West Indies Stick to Bowling Short, Pakistan Collapse to Second Lowest World Cup Total: Five Talking Points From the Game

West Indies outclassed Pakistan in their ICC Cricket World Cup 2019 match, beating them comprehensively by 7 wickets.

A day after hosts England served up tangible evidence of why they are overwhelming favourites this World Cup in the tournament opener, West Indies announced their candidature in style against Pakistan in the sophomore game. The Windies are here; not just entertain, but to win. They blew past Pakistan in quick time, bowling out their suffering opponents for 105 - Pakistan's second lowest World Cup total - and took just 84 balls to reach the target.

Windies captain Jason Holder won the toss and chose to bowl, keeping in mind the overcast conditions. What followed was one team sticking hard and fast to their game plan and the other apparently lacking one. The West Indies' strategy of bowling short and fast worked wonders; Pakistan, on the other hand, it seemed, woke up on the wrong side of the bed. Batter after batter succumbed to short and short of length balls, often comically.

Here are five talking points from the game:


WI captain Jason Holder went out on the grass, looked up at the sky and when the coin fell his way he decided to trust his pace attack in the first ten overs. He was right. It was overcast, even if the pitch wasn't particularly bowler-friendly. Even Sarfaraz Ahmed wanted to bowl. Sheldon Cottrell's first over to Imam-ul-Haq was the signal for things yet to come. Cottrell got a bit of movement from the pitch and the weather, kept a good line and flirted with Imam's outside edge. He got Imam in his second over, though not in a way you'd expect. Holder also smartly took himself out of the attack and brought in Andre Russell, who got Fakhar Zaman with the bouncer. Russell then sent Haris Sohail packing, a bit of extra pace and extra bounce doing the trick again. Holder's plan had worked; his seamers wrecked the Pakistani top order and laid the ground for a conservative target.


West Indies bounced Pakistan out of the game. Once Andre Russell was brought into the attack to devastating effect, the gameplan was simple: bowl short or short of length, keep it fast and get the wicket. Pakistani batsmen just did not look like they were ready to face anything rising above their waists. This World Cup has been talked about as batter's tournament, but in two games now, bowlers have shown they are up for it.

Oshane Thomas ended up the big wicket taker with his 4 for 27, but Russell's three overs that picked up two crucial and early wickets while giving away just four runs, were perhaps the backbreaker for Pakistan. Thomas and Holder followed suit and cleaned up Pakistan's submissive middle order and tail.


Pakistan's collapse culminated into their second lowest World Cup total of all time. Their lowest was 74 against England in Adelaide at the 1992 World Cup, which Pakistan went on to win actually. But if they are to do something similar this time, their batting needs to fire. If they keep succumbing to short deliveries, they are handing out a memo on how to dismantle their batting lineup.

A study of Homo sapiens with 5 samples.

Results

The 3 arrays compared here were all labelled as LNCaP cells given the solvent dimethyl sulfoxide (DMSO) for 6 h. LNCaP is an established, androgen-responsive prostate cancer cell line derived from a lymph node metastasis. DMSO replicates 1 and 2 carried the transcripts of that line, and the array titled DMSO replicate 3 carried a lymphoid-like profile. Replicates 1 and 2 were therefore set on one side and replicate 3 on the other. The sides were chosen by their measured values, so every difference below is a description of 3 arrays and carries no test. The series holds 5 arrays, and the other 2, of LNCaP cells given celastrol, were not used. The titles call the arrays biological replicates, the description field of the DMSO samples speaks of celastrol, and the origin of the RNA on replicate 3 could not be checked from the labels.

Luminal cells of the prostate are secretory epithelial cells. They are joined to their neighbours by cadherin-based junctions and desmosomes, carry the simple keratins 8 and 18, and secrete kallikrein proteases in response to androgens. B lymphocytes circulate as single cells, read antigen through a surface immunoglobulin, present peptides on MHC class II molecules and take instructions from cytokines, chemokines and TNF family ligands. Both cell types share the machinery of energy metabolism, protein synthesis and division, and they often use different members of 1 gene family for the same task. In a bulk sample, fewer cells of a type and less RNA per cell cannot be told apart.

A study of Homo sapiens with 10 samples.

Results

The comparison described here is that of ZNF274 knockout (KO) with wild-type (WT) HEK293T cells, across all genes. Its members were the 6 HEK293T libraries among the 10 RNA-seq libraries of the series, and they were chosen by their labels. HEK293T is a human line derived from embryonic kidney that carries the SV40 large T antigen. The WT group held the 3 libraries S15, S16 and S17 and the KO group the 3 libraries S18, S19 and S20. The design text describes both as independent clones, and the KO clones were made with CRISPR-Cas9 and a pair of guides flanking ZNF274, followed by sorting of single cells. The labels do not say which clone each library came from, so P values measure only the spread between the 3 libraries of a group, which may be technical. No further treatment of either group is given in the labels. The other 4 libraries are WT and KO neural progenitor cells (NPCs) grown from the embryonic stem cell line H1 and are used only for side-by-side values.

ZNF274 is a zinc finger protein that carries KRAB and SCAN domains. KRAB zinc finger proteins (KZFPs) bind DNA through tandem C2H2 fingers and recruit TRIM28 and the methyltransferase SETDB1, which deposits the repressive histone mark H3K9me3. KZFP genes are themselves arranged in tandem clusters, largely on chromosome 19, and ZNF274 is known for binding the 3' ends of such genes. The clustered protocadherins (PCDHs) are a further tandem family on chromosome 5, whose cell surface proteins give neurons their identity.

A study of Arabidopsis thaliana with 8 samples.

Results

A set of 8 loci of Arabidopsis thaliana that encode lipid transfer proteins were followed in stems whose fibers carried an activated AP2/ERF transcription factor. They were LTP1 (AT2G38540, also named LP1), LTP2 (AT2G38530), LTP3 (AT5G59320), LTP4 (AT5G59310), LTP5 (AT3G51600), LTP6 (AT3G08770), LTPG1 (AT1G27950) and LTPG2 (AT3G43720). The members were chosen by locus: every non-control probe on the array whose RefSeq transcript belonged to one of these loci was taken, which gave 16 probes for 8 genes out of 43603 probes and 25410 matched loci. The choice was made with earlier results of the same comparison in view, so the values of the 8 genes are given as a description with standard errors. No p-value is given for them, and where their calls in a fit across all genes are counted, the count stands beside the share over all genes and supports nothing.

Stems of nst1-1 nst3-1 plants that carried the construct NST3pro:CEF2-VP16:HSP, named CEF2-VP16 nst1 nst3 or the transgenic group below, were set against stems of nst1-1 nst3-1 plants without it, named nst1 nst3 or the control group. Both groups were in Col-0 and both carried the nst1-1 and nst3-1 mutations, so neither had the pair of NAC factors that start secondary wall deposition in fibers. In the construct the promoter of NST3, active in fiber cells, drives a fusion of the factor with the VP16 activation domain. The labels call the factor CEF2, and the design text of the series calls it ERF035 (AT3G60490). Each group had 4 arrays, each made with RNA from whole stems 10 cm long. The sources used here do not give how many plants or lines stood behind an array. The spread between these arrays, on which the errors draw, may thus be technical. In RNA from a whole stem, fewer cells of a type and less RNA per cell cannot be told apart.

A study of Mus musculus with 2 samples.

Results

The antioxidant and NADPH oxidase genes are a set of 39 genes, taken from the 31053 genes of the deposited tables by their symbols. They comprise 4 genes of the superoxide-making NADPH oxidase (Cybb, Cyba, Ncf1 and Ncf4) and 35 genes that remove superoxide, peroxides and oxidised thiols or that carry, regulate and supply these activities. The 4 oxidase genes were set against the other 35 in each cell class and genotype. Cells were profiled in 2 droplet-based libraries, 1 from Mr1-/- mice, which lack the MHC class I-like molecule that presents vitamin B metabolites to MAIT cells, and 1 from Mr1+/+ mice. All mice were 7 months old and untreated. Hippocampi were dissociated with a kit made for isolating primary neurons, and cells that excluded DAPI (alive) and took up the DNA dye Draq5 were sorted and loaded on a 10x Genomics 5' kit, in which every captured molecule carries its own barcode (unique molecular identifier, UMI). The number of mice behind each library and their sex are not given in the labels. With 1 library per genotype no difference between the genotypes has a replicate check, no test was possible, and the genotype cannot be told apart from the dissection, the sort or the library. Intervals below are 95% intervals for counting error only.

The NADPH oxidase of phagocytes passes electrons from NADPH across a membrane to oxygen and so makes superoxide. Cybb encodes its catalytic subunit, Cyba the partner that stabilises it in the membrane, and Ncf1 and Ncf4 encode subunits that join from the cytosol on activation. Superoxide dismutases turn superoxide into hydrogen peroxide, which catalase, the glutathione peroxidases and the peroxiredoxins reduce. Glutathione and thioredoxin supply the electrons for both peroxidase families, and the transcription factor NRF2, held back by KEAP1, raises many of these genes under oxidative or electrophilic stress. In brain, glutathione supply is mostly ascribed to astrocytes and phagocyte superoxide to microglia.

Their ineptitude with the bat against West Indies was a little surprising too. Pakistan crossed the 300 run-mark four times in a row in similar conditions in the recently concluded series against England.

Another question that Sarfaraz Ahmed needs to answer is why was Asif Ali not picked? Ali's daughter tragically passed away recently and he had flown home last week to join his family. But, once back, he had said he was fully ready for the World Cup. It doesn't then make sense to leave out your power hitter against a team of power hitters.


This was a 'dark horse derby'. Both Pakistan and West Indies have considerable World Cup history and heft behind them and both are today considered wildly unpredictable. The Windies are the current champions of the T20 World Cup (2016), while Pakistan are the current holders of the Champions Trophy (2017). Both teams went in to this World Cup as the unpredictable dark horses who could beat anyone on their day. But West Indies are showing mature intent early on in the tournament. They dispatched New Zealand in the warm up, scoring 421 runs and bowling out the Black Caps for 331. Against Pakistan, they took all of 84 balls to reach the target, losing three wickets on the way. Shai Hope is the one in form, but it was the veteran Chris Gayle who took the initiate, scoring a trademark quickfire 50 off 34.

The Windies are off to a great start - their Net Run Rate is off the charts at 5.81 right now - but they face Australia next. If they turn up in their second game, consider it them throwing their hat in the ring.


Pakistan have now lost 12 ODIs in a row, the longest they have ever gone without a win. Their last ODI win came against South Africa in January this year. Since then, they've been shutout against Australia and England. They even lost to Afghanistan in the World Cup warm up game. To make matters worse, they face hosts and overwhelming favourites England next on Monday.

Pakistan seems to have fallen into a rut and England are last team they'd want to face when they are trying to get out of it.